New Orleans police enforce new rules along parade routes


Posted on February 27, 2014 at 7:09 PM

Updated Thursday, Feb 27 at 7:21 PM

Paul Murphy / Eyewitness News
Email: | Twitter: @pmurphywwl

NEW ORLEANS -- Mardi Gras madness is upon us with mega-parades every night between now and Fat Tuesday.

There are new rules in effect along the parade route in New Orleans. The city's police Superintendent Ronal Serpas says compliance has been good so far.

"I'm seeing almost universal compliance with people moving the ladders back, which is a great thing for safety," said Serpas. "We're seeing some very strong compliance with keeping furniture off the neutral grounds. We're seeing some very good compliance with keeping the cross streets open."

Thursday, a lone tent sat on the Orleans Avenue neutral grounds in a prime spot for Saturday's Endymion parade.

Dave Moran from Harahan said he's been camping out there since Tuesday.

"I'm the number one Endymion fan," said Moran. "I'm out here every year and I have my tent and I'm glad to be here."

But, this year tents are not allowed along the New Orleans parade routes. Police instructed Moran to remove his from the neutral grounds.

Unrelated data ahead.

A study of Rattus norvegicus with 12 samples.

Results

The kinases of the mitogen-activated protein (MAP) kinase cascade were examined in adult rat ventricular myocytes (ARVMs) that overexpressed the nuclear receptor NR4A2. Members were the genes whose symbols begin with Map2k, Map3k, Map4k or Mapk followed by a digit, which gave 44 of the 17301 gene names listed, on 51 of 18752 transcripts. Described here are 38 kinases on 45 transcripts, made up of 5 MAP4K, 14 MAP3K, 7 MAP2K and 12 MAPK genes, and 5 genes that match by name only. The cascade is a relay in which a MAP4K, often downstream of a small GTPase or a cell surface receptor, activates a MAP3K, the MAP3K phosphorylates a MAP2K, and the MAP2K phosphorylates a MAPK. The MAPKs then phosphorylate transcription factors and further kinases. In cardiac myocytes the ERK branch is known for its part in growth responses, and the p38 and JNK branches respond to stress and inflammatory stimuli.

"I'm just following the laws," said Moran. "I told the police I'm willing to work with them."

This year, no private portable bathrooms are allowed on public property, but the city set up plenty along the Endymion route.

The NOPD says it's illegal to block off parking spots in front of your house. Officers say drivers looking for a parking spot can simply move the makeshift barricades and park if they see an empty spot.

Mid-City neighbor Randy Traylor put out cones and trash cans in front of his house to reserve parking for his family.

"No arguments, nobody gets their feelings hurt," said Traylor. "There was a car parked in my driveway this morning and she moved it for me. I appreciate it."

Traylor says so far, he and his neighbors are following the new rule banning people from roping off spots on the neutral grounds.

"There's some paint on the neutral grounds, but there's not ropes and caution tape and all that other stuff," he said. "It will probably show up tomorrow."

The police chief is asking parade goers to follow common-sense rules.

"If you take up huge spots on the neutral grounds or if you try to tent off areas where nobody else can be around you, that sends a very negative message between the participant and that can get a little out of control," said Serpas.

According to the NOPD, the new Mardi Gras rules have only resulted in only one citation along the parade route. Police cited a woman for throwing beads back at float riders.